Saturday, April 9, 2016

Guest Post: Do What you Can, While You're Able


The exact moment at which youngster realizes his heart beats to the cadence of jointed rail is rare, but
poignant to capture on film. Here, the guest  article's author poses with the 611 in the mid 1980s. 

E/N: Today all eyes are aligned towards Spencer, NC, as the 611 makes its first excursions of the season. In the spirit of that event, enjoy this guest post from John, who's out chasing and riding this weekend.

As I write this, I’m sitting at the computer looking up routes to chase the 611 this weekend, contacting friends to meet up with while I’m there, and typing this note about my reflections on steam engines. Next week I’ll drive down to Chattanooga to get the last few steam hours I’ll hold down in the cab before I leave town for the summer. Three weeks from now I’ll start my  drive from my home in Tennessee to my railroad job in a Western state. 

Every time I leave for the summer, the feeling is bittersweet. Tourist railroading divides your time with the cycling on/off months feeling more like a long week. Steam trains only run during bankers hours, ironically. The majority of operations utilize the summer and holiday months exclusively, leaving the rest of the year with an unbalanced void that is only broken by a few limited schedules and special excursions. You might begin to think that the process of boiling water during the winter were not within the realm of physical possibility if you took a statisticians view of the unoccupied schedules. Potential passengers take vacations during the summer, spend January and February recuperating from holiday expenses, while the railroads use the downtime to work heavier repair jobs that consume those boring weeks. When I’m working my summer job, the rest of the world is running wide open with steam miles that I may never have the chance to see. That’s how it goes. 

I tell my friends all the time, see as many steam excursions as  you can while you still have the option. Since the schedule for the 611 was released a couple of months ago, I’ve been elated for the chance to see the thing run before my commitments take me north. My love for steam railroading would not have been created were it not for my dad taking us down to see the 611 regularly when I was younger. The first steam engine I remember seeing? 611. First cab ride? 611. The first engine I was taught the names of parts to the running gear? 611. I’ve worked as an engineer and conductor in some of the most beautiful places on Earth, all because of an interest that started and can be traced back to the 611. 



As I’ve grown older, I’ve realized that many other people have a similar affinity for the 611 in particular. (To counter that fondness, I still remember the Trains magazine coming out of the mailbox in 1995.) For some, it was their first experience of every human sense being wholly consumed for the first time. Others appreciated the innovative technology the N&W developed for the class, and benchmark it set for the steam industry. The fact remains though, the 611 has been absent of a soul for the last 21 years and there has been a hysteria associated with it's return more-so than any other locomotive I’ve known. I think there is a way that every museum can benefit from that connection.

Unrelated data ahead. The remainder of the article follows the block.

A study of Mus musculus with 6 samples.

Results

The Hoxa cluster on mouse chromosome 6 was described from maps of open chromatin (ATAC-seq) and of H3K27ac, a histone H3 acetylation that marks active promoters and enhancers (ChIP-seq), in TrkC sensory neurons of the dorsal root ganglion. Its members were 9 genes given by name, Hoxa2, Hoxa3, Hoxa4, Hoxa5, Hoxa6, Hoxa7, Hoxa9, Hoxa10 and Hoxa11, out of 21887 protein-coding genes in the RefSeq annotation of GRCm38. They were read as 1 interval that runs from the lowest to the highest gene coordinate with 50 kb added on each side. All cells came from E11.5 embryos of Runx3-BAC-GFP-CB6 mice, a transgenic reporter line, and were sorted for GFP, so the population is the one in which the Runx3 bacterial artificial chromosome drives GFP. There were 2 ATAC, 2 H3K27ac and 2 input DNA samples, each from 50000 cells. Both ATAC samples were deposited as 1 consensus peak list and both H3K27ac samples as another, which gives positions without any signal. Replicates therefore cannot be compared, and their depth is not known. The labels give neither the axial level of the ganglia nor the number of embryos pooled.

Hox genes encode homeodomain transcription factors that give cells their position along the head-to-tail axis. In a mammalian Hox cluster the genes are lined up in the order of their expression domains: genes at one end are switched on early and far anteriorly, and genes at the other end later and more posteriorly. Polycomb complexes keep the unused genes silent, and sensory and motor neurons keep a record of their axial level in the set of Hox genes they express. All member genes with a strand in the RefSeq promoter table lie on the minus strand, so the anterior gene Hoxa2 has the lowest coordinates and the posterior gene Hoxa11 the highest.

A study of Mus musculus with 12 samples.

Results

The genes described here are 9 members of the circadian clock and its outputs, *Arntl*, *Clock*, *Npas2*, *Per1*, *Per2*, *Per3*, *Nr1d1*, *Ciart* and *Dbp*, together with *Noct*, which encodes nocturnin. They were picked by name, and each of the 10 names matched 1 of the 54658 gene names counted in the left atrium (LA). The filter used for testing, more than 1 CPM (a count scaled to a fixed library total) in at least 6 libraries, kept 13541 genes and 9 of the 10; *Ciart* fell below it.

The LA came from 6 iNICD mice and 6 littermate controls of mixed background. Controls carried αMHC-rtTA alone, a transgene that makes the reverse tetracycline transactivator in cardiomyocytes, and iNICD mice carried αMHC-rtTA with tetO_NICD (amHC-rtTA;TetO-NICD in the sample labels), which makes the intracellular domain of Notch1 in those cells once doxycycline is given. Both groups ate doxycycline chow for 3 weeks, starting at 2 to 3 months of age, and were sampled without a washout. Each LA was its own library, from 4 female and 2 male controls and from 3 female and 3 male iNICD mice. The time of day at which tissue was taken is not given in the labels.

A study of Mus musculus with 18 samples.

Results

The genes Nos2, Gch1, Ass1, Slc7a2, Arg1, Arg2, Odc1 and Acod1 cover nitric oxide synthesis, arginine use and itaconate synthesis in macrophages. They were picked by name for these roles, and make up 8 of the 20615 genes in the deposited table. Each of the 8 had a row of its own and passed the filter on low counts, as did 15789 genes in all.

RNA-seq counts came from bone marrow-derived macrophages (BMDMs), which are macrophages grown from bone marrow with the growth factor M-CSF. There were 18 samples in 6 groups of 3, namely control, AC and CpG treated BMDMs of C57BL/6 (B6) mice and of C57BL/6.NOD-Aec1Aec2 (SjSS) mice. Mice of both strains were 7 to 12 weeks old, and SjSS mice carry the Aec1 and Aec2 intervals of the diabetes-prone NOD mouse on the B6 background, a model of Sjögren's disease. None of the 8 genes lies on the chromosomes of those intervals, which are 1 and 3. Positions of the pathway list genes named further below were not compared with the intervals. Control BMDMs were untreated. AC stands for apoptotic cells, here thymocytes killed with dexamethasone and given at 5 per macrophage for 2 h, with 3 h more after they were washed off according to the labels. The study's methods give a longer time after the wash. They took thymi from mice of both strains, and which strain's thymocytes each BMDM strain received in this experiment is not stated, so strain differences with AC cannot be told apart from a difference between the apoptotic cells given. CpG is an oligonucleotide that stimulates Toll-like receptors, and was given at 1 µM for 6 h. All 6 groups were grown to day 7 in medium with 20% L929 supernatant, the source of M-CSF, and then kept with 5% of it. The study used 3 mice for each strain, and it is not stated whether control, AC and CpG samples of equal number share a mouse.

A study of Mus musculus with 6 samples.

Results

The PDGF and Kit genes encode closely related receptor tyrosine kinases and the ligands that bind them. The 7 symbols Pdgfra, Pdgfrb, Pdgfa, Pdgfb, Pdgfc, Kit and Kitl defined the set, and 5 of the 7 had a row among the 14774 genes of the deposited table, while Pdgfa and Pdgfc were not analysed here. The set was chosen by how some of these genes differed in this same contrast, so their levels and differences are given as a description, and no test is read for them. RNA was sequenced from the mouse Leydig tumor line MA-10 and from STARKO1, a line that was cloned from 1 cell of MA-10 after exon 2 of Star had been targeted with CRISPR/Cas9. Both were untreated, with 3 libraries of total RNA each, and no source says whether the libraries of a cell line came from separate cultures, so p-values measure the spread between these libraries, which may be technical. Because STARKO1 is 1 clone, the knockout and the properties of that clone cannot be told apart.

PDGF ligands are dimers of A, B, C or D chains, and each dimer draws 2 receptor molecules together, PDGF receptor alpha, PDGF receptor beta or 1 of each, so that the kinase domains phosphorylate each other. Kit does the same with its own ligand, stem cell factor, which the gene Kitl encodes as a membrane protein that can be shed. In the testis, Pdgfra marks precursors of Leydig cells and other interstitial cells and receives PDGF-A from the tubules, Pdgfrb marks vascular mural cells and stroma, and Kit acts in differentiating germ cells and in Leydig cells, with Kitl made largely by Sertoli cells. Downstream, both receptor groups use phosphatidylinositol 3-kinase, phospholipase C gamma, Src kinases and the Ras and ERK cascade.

Decisions made about whether or not steam is allowed to run are made solely from tangible money. Time continuously passes with every day leaving fewer favorable conditions for mainline trips. Skill sets fade and the relationship of the landscape formed by the railroad has been lost in translation to the general public. I may be one of the odd ducks of my generation because I found a career that I love when I was young and impressionable, but that doesn’t mean it can be a selfish experience. In fact, the only way to save anything that you love to is to share it with others so that they too want to come and enjoy the shared results. 

No one understands the rarity of running steam in a native setting better than the two people looking out the cab window. All the shop time you could wish for is abundantly available but throttle time is always rare in comparison, gleaned from the thousands of hours necessary to make any locomotive operate before lighting the oily rag. Mechanical work is an art in itself, and the hours required to learn specific crafts are always available because shop work is harder to garner a following for. When the locomotive is outside putting on a show,  how many people go out to  ride the train, but don’t want to blow the whistle? If you can’t find a shop crew, you don’t have an engine, and without the engine you can’t keep the operating crafts alive. Therein lies the catch of working and preserving steam… 

Pulling the throttle and shoveling coal may be the most visible, but every specialty that goes into a steam special is important, from the work of the  lawyers writing the insurance policy to the dining service attendants. All of these elements must be orchestrated before that final moment when the engineer bails off the independent and pulls the slack. Every excursion takes years of work and countless skill sets. Looking out the cab window you may see hundreds of people lining up for miles to take in the show. Some may be curiously caught off guard in a wave of sudden traffic or have spent half the night driving in from out-of-state to get what may possibly be their last look at an old way, a way when people worked together and enjoyed the fruit of their labor. That, I believe, is the intangible way to preserve steam. 


So this weekend, I’m going to take in as much as I can just like everyone else driving to Spencer tomorrow. Who knows how much longer we’ll enjoy steam on the mainline? For the most part the engine looks exactly as it did when I was 3 years old. The view looking out from the cab windows may always change but looking in, time has thankfully stood still.